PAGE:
Chacma Baboon Facts


Did you know that Chacma Baboons....

* Live in troops of between eight and 150 baboons

* Females make up the core of the troop

* Males move between troops

* The most dominant adult male is known as the alpha male and he leads the troop



* Grow up to 120 centimetres tall

* Weigh up to 40 kilograms

* Live for up to 30 years

* Are omnivores, they eat mainly fruit,    
     but also eat flowers,
     leaves,
     roots,
     tubers,
     mushrooms,
     grasses,
     shoots,
     seeds,
     buds,
     small vertebrates and
     invertebrates

* Females reach adulthood at five years old, and males a year or two later.

* Gestation period is six months

* Generally a female will reproduce once every 2 years

* There are 11 troops on the Cape Peninsula

* Eric comes from the Slangkop troop in Kommetjie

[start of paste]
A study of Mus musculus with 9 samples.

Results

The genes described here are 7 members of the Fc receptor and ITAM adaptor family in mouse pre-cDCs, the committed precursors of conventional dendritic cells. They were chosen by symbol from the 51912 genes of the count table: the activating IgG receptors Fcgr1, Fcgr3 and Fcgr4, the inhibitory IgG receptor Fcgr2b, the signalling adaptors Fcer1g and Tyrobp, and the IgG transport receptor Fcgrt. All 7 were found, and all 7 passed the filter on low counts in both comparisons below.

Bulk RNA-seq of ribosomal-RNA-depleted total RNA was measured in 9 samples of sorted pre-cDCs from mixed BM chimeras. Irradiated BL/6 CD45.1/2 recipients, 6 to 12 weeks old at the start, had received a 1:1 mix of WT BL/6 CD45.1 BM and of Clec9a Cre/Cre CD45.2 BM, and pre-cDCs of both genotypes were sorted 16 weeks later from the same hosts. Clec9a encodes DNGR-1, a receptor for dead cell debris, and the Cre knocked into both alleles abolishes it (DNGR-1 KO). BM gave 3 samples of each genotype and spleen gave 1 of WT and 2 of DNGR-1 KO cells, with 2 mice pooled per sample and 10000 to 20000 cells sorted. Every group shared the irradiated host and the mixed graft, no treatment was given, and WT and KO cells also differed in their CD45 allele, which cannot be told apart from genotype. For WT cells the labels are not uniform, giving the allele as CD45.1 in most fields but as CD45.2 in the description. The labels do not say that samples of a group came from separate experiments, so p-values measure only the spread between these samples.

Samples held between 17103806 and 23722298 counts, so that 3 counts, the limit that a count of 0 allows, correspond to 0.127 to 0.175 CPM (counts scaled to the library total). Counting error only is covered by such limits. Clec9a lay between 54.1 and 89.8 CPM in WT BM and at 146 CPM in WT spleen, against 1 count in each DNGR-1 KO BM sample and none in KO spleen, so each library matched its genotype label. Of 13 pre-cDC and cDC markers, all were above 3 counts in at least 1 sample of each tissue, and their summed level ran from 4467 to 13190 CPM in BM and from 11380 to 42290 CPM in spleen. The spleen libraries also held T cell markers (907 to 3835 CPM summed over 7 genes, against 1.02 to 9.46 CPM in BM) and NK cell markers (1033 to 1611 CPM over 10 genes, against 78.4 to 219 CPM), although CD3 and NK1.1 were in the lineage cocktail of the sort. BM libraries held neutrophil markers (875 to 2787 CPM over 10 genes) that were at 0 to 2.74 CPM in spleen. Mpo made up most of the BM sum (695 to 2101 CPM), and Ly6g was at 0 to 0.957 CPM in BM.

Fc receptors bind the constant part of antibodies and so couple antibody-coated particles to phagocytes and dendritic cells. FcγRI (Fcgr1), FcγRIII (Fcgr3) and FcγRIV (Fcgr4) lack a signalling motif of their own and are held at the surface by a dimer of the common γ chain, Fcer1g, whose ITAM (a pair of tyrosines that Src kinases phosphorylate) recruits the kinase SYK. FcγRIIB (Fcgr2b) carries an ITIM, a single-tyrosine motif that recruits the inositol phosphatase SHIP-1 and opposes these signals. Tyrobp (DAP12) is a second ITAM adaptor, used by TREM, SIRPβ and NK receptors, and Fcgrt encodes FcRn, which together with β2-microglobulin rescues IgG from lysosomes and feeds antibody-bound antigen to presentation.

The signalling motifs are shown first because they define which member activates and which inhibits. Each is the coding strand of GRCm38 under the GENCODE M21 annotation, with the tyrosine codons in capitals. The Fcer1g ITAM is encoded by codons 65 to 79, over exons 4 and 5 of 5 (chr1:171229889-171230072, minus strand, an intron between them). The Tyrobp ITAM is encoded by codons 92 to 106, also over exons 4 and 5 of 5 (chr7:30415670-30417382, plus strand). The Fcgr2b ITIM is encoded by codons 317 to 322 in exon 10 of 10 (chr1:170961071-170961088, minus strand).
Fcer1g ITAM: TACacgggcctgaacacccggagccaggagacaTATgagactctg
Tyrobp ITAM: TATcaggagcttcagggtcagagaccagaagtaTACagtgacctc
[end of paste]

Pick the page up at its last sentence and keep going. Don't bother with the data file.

* How you can help

* Baboons are wonderful, caring, gentle creatures but ALWAYS remember that baboons are WILD animals, you can't reason with a baboon. They can be dangerous.

* Don't feed the baboons and don't eat in front of them, don't hide your food from them. If they try to take food away from you just let them have it.

* Don't tease them

* Never get between a mother and her baby

* Kommetjie Primary School has a great website about the baboons, for more tips on encounters with baboons click here.

News of Eric can be seen here

To See Baboons:

Take a trip down to Cape Point, the chances are you will see them there. Please do not feed the baboons!

Conservation status To help click

The remaining Chacma Baboons on the peninsula face a bleak future due to loss of habitat and conflict between man and baboon as the peninsula gets more and more built up. At the current mortality rate there will not be a viable baboon population on the peninsula within the next 10 years, and it is predicted that within 15 years baboons will face certain extinction.

Walking with baboons with Baboon Matters experienced guides is an incredible experience.